My Favorite Marketing - Batman: Arkham City

There comes a time in a man's life when he has to look in the mirror and tell himself, "son, you're a fascist."

See, I used to be a big-ass Batman fan. Bruce Wayne was an ordinary man in a sea of metahumans, mutants, gods, and gamma-radiated beasts. He used his trauma to power his will to become an avatar for vengeance. He traveled the world, amassing the knowledge to eradicate crime from Gotham because the kindness and benevolence of his family weren't enough to save the city or them. He worked to become a fearsome figure that criminals would run from.

Batman didn't need powers. All he needed was a plan.

My co-workers decorated my desk in Batman shit because they knew I was a big-ass fan.

This is a picture of Jamar's work desk from 2017, decorated with Batman stickers, balloons, and logos.
This might be a bit too much Batman shit.

It wasn't until I watched Batman v Superman: Dawn of Justice as a birthday gift the year it came out that I started questioning my love of Batman.

Here was a Batman unleashed. Here was a Batman after years under the cowl, as tainted by the darkness as the criminals he fought. Here was a Batman unafraid of killing. I thought, "not my Batman!"

But yeah, this was my Batman. The same Batman that worked with the cops. The same Batman who created whole-ass plans to murder his teammates/friends. The same Batman who kept using child soldiers in his war on crime. The same Batman who has a shard of kryptonite because Superman thought, "yeah, this muthafucka cold enough to kill me if I break bad."

What about that is something I should admire?

And boy, was it all on display in Batman v Superman: Dawn of Justice. All in front of me, on that big-ass screen.

I got home, looked at myself in the mirror, and told myself, "son, you're a fascist."

I'd given myself the best birthday gift of all: the gift of truth.

Even the great Alan Moore, who wrote his fair share of Batman comics, sees the danger of idolizing a rich kid beating up the mentally ill. As he said in an interview with The Guardian:

"I said round about 2011 that I thought that it had serious and worrying implications for the future if millions of adults were queueing up to see Batman movies. Because that kind of infantilisation – that urge towards simpler times, simpler realities – that can very often be a precursor to fascism."

I've gotten rid of most of my Batman paraphernalia. I've mothballed my Batman tattoo idea.

But let me tell you, when I loved Batman, I loved him HARD! So much so that [x years] later, Batman: Arkham City's viral campaign is still my favorite marketing.

Let's talk about the time I became Batman!

Becoming Batman: Arkham City's Viral Marketing

Rocksteady Studios released Batman: Arkham Asylum in 2009 to rapturous applause. We had the old Batman: The Animated Seris crew back together: Kevin Conroy as Batman, Mark Hamill as the Joker, Arleen Sorkin as Harley Quinn, and Paul Dini writing the story. Batman fans now had a game that got us closer to being our hero than we'd gotten before. We didn't think it could get any better.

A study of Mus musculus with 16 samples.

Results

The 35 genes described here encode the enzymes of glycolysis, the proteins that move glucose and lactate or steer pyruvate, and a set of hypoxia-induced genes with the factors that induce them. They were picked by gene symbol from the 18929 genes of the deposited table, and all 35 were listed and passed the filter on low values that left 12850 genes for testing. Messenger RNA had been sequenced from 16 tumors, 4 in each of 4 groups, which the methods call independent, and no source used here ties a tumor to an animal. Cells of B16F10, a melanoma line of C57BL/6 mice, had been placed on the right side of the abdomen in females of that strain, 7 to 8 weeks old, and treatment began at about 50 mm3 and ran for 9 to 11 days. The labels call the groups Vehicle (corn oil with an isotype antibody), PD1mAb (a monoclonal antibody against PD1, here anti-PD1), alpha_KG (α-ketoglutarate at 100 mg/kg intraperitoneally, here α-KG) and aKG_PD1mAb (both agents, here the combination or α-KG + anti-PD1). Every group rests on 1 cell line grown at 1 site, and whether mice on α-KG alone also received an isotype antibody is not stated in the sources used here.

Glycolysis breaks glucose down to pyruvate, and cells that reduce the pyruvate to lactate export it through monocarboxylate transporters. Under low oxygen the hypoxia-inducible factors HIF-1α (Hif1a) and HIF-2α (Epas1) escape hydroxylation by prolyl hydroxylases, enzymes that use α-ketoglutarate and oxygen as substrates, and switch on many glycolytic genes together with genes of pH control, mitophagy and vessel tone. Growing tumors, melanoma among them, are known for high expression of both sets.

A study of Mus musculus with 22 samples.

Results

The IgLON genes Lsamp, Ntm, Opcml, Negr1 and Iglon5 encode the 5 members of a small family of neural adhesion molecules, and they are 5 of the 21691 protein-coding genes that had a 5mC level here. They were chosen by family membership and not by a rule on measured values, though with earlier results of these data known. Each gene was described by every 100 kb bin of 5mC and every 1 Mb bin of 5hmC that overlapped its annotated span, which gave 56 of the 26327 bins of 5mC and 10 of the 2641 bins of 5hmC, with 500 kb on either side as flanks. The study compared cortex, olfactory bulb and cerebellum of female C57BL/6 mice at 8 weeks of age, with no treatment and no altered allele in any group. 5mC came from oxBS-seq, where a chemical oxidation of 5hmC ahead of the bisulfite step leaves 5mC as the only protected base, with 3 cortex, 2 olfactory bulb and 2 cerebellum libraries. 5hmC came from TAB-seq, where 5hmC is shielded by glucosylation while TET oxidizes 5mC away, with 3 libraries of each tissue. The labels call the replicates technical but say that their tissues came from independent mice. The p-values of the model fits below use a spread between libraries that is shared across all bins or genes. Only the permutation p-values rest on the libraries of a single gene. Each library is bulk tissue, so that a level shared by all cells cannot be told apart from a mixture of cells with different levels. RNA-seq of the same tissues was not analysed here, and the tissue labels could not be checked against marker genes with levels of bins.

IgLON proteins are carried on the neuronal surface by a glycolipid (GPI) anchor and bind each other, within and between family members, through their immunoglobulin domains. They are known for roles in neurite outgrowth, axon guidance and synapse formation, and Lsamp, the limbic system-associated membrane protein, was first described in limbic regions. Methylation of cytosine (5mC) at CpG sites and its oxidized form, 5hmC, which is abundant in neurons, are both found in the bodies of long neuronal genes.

And then they started dropping the teaser videos for Batman: Arkham City.

🤯 is all I can say, folks.

The marketing was brilliant. Rocksteady used the video to introduce some of Batman's rogues included in the game.

Check out this sweet intro to Dr. Hugo Strange, Arkham City's Big Bad.

Or this one for The Penguin (and a special guest).

Or how about the "No Place for a Hero" trailer? I know that will get your blood pumping.

But it wasn't any of those that dragged me into the world. Instead, it was this one showcasing The Riddler.

Riddle Me This, Batman

I never gave a shit about The Riddler. He was a lower-tier Batman villain who had a cool costume. His appearances, from the Adam West-led television show to B:TAS to Batman Forever, made him a joke. He was a poor man's Joker.

Then, they dropped that trailer. Finally, I felt the menace, the horror, the fear The Riddler can instill. When depicted right.

And damn, was that a good depiction.

But that wasn't all that drew me to the video. Look closer. Did you notice anything?

This is a still image form the Riddler trailer video. There are random equations on the right side of the picture, and in the lower left corner, the number twenty in parenthesis.
Is that the number twenty?

This is a still image form the Riddler trailer video. There are random equations near the bottom on the image, with the word string written below that. Between the  R and the I of string the number twenty-one is in parenthesis
Why is the number twenty-one in the middle of the word string?

They put a fucking riddle in The Riddler's video. FANTASTIC!

Yes, like a nerd, I rewound the video repeatedly, pausing when I thought I saw a number or a word. I solved the riddle, just like my favorite superhero.

I was hyped to have a sequel to Arkham Asylum. This marketing video convinced me to do something I'd never done before: purchase the game from a brick-and-mortar store at midnight the day it was released.

Goodbye Night Sky

I'm glad I got to play Batman: Arkham City before my love of Batman died. I'm happy I also got to see such a fun marketing campaign. It was refreshing to see a company use the character to enhance to marketing experience. You didn't need to solve the riddle to enjoy the marketing or the game. If Batman is a detective, and I'm playing the game as Batman, that makes me a detective, too.

The marketing showcased that with The Riddler trailer.